Officials outline A-76 process

SHEPPARD AIR FORCE BASE -- The military and civilian workforce has been shaken up over the past year with force shaping and Presidential Budget Decision 720 results.

With more workforce changes on the way in the form of an A-76 Cost Comparison Study, a few military and civilians attended two town hall meetings Oct. 11 at the base theater to find out more information on their futures.

Most of all, they were concerned about how they were going to be impacted individually.

"There's no denying that there's not going to be an impact on people's lives," 82nd Training Wing Commander Brig. Gen. Richard Devereaux said. "That's why the best thing we can do to help alleviate those concerns is to explain the process."

Col. Marti Rossi, the 82nd TRW inspector general and director of competitive sourcing, said there are two competing teams in the process: the contractor's Performance Work Statement team and the Most Efficient Organization team representing the government. Both teams will compile data regarding the workload that goes with each position and make a bid on what it would cost for their team to perform the same work.

The PWS team writes the work requirements and the MEO prepares a government proposal to respond to the PWS offer along with private contractors. Each team has a different, but critical role in the A-76 process.

In all, 508 positions are being considered in the study, including activities in civil engineering, the fitness centers, the 82nd Communications Squadron, instructional technology unit and trainer development.

Colonel Rossi said it's important to remember the study is not targeting individuals.

"It's about spaces, not faces," she said.

Sandy Pyott, a representative from the Air Education and Training Command Civilian Personnel Operations Division, said there are only two results of the process: the MEO is selected to perform the jobs or a contractor will provide the services. There will be no military positions regardless of which service provider is selected.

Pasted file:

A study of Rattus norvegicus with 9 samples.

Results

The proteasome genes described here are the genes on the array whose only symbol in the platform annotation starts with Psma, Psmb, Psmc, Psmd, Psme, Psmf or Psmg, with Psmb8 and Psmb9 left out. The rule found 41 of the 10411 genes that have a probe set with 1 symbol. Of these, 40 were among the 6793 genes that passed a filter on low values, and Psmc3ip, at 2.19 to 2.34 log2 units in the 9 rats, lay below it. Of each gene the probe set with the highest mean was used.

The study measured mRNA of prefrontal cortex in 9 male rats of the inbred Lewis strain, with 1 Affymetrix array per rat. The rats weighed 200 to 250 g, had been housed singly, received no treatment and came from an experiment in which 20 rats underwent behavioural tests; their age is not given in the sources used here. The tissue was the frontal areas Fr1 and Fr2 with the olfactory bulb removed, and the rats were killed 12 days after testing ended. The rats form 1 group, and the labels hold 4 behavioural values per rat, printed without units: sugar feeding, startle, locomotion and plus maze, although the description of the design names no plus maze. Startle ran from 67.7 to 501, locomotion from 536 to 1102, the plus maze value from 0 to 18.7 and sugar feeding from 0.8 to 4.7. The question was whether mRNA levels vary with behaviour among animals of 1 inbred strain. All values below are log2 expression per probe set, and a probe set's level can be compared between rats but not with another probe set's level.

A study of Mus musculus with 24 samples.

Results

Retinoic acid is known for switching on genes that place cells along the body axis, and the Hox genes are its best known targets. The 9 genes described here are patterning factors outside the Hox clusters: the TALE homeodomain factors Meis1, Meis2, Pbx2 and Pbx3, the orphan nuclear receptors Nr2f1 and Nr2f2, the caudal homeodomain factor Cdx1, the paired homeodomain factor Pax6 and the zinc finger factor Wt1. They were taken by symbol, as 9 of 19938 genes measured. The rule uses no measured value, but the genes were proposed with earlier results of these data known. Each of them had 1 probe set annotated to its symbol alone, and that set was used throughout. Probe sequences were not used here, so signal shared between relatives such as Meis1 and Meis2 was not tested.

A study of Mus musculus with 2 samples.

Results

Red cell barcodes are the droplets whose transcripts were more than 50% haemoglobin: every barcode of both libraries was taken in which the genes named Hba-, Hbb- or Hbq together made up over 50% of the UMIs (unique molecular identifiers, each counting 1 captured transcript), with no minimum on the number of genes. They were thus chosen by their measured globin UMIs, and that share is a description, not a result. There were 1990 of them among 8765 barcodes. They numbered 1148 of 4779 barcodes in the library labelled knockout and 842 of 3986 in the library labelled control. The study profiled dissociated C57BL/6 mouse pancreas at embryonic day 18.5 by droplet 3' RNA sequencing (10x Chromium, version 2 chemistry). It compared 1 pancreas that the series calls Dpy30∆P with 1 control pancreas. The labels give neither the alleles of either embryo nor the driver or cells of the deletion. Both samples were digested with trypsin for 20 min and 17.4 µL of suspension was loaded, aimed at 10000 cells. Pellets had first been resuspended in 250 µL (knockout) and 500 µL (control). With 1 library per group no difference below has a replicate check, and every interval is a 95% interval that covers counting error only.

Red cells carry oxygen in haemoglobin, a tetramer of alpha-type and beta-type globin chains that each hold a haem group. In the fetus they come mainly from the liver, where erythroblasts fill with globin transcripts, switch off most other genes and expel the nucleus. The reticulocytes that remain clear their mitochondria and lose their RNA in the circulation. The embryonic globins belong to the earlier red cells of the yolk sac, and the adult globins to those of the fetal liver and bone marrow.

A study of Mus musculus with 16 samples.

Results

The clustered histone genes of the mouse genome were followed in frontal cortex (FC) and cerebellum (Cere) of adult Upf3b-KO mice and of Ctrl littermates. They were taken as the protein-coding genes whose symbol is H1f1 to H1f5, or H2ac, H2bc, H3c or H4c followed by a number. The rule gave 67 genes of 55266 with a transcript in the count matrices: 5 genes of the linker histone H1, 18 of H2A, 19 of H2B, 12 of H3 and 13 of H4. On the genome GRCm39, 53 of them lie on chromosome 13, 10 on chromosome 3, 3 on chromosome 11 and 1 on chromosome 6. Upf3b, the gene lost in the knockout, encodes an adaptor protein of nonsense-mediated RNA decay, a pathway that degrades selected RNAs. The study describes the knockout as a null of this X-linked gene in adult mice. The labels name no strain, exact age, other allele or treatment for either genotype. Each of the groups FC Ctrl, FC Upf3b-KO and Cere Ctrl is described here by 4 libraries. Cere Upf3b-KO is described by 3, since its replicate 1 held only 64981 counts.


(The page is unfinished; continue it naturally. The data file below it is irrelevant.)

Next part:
In developing the MEO, the goal is to create a leaner, meaner more cost-effective workforce that would be manned by federal employees. Civilians would assume the duties of their military counterparts. But, there could be reassignments as a result of the selection.

If a contractor is selected as the service provider, all military and civilian authorizations will be replaced by the contractor's employees. Contractors do, however, have the option to hire current Sheppard employees to continue the work.

Ms. Pyott said if a civilian employee chooses not to accept an offer from the contractor, they will have priority placement within the Defense Department. The program will match up qualifications with jobs available in DoD. If the civil service employee chooses to decline that offer, then a reduction-in-force action takes place.

Office of Management and Budget Circular A-76, which provides guidance on the study, allows 12 months for the study with an extra six months permitted by waiver request. After the final decision, the base has 240 days to process civilian personnel actions and a 120-day reduction-in-force notification period.

All isn't doom and gloom, though. Dan Roberts, the deputy director for the competitive sourcing office, said although nothing is guaranteed, it could be good news if the MEO wins.

"If the MEO wins, the force may be smaller," he said, reminding the audience that half of the force being considered are military billets and the MEO would become an all-civilian workforce. "But if the MEO wins, there could be more civilian jobs available. That is a possible outcome."

Some employees asked questions about when the transition would actually take place. Members of the panel said the process will be finished by April 2009, but decisions regarding personnel would begin as early as April 2008.

"At that point, in April '08, then we'll look at the size of the (reduction-in-force)," said Sandra Brooks, a representative of Sheppard's civilian personnel office. Then considerations regarding Voluntary Early Retirement Authorizations, Voluntary Separation Incentive Payments, reassignment of employees and priority placement comes into play.

For more information, click on the "A-76 Study" link on the Sheppard Portal home page.